Are pedestrian deaths at Ashley Phosphate a cultural issue?

Live 5 News has an interesting story about pedestrians being hit by cars and killed at the North Charleston intersection of Stall and Ashley Phosphate roads. A man interviewed for the story called it one of the most dangerous intersections in the Lowcountry.

Mauricio Ensio owns a taco stand just feet away from Ashley Phosphate and Stall Road, or what he calls one of the most dangerous intersections in the Lowcountry.

A few days ago, he watched as a man tried to make a run through the traffic, but was struck and killed.

From where he works, Ensio often sees wrecks and people literally being run off the road.

“Bottom line is the they don't respect the law. They cross the street when there is tons of traffic,” said Ensio.

The answer, many suggest, is education, though whether or not this will solve the problem is a point of argument. As Live 5 News reports, North Charleston Councilwoman Rhonda Jerome has asked the Department of Transportation to put buttons for crosswalk signs in Spanish, so that non-English speakers know they need to push to button to get a walk signal.

The Post and Courier ran an article on this issue about a year ago, and we doubt things have changed for the better since then. The story offered this revealing statistic:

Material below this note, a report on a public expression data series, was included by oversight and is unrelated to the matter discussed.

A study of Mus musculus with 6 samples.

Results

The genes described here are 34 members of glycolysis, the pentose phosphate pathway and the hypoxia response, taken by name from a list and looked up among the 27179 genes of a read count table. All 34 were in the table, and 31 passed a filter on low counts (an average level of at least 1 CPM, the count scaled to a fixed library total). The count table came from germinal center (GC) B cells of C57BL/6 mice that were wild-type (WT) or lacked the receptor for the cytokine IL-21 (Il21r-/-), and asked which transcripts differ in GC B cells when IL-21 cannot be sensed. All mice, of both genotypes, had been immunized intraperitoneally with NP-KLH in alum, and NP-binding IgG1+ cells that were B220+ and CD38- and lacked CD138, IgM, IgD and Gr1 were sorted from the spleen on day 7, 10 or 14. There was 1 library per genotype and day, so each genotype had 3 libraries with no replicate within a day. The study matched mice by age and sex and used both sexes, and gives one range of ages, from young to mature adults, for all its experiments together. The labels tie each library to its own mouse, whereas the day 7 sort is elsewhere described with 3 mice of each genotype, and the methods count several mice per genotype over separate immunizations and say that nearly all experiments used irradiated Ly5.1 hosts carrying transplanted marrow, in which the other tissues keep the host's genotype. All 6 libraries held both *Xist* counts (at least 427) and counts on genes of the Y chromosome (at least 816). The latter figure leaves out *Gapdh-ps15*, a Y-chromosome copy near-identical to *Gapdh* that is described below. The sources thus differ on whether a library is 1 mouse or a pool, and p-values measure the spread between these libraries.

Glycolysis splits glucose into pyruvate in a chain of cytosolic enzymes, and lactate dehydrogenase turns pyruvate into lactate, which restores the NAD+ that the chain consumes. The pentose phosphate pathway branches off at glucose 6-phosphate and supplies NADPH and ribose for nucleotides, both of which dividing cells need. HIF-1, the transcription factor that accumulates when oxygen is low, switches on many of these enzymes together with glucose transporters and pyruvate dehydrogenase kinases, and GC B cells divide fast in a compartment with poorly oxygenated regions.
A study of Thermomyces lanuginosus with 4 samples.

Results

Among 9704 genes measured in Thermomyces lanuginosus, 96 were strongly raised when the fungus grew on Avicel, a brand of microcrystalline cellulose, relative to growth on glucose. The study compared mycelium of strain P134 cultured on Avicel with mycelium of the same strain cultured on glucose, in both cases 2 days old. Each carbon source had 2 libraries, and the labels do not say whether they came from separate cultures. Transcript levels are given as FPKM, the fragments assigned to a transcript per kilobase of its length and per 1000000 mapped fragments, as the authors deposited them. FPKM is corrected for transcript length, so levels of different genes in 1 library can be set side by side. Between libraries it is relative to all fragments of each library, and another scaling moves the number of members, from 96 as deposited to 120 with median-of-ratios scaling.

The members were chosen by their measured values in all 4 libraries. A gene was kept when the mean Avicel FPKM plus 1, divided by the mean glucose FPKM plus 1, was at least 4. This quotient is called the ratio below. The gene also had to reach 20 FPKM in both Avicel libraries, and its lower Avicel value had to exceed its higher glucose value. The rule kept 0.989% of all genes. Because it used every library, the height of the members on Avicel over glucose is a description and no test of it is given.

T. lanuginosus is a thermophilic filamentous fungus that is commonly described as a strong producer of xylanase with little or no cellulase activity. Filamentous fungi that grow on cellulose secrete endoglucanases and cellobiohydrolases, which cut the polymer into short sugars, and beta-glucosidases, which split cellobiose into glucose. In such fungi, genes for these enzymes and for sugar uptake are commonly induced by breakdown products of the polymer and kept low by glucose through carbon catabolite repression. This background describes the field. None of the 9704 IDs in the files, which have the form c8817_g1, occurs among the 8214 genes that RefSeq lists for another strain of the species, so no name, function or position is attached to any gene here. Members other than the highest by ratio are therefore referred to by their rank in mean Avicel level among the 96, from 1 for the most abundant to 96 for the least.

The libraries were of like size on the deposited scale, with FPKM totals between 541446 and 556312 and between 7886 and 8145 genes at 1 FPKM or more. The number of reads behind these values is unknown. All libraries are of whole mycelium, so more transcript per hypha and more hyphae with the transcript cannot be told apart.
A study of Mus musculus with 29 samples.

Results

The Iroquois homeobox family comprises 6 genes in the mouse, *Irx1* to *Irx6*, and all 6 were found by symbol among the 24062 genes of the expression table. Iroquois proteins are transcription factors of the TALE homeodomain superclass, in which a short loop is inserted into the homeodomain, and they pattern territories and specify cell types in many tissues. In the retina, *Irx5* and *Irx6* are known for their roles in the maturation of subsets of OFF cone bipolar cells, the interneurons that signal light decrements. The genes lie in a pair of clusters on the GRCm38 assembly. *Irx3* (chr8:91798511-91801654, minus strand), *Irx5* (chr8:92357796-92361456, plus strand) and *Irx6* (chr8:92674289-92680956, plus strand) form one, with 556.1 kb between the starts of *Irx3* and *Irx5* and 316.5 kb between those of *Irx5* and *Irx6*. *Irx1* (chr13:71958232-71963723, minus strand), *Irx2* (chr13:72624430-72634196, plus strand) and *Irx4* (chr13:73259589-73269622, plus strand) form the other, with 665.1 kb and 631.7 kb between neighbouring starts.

The state Highway Patrol says a vehicle was at fault in 16.8 percent of the state's 125 pedestrian deaths last year (2006), a pedestrian in 63 percent. There was no information from the Highway Patrol about who was at fault in the other deaths.

The story doesn't focus too much on the Hispanic angle of this issue, but it does go on to say that a disproportionate amount (37.5 percent) of the deaths up to that point in 2007 had been Hispanics. A Post and Courier editorial soon after that story also addressed the issue.

So the question is: If everyone knows this is happening, why isn't more being done to prevent these deaths by the community or the government?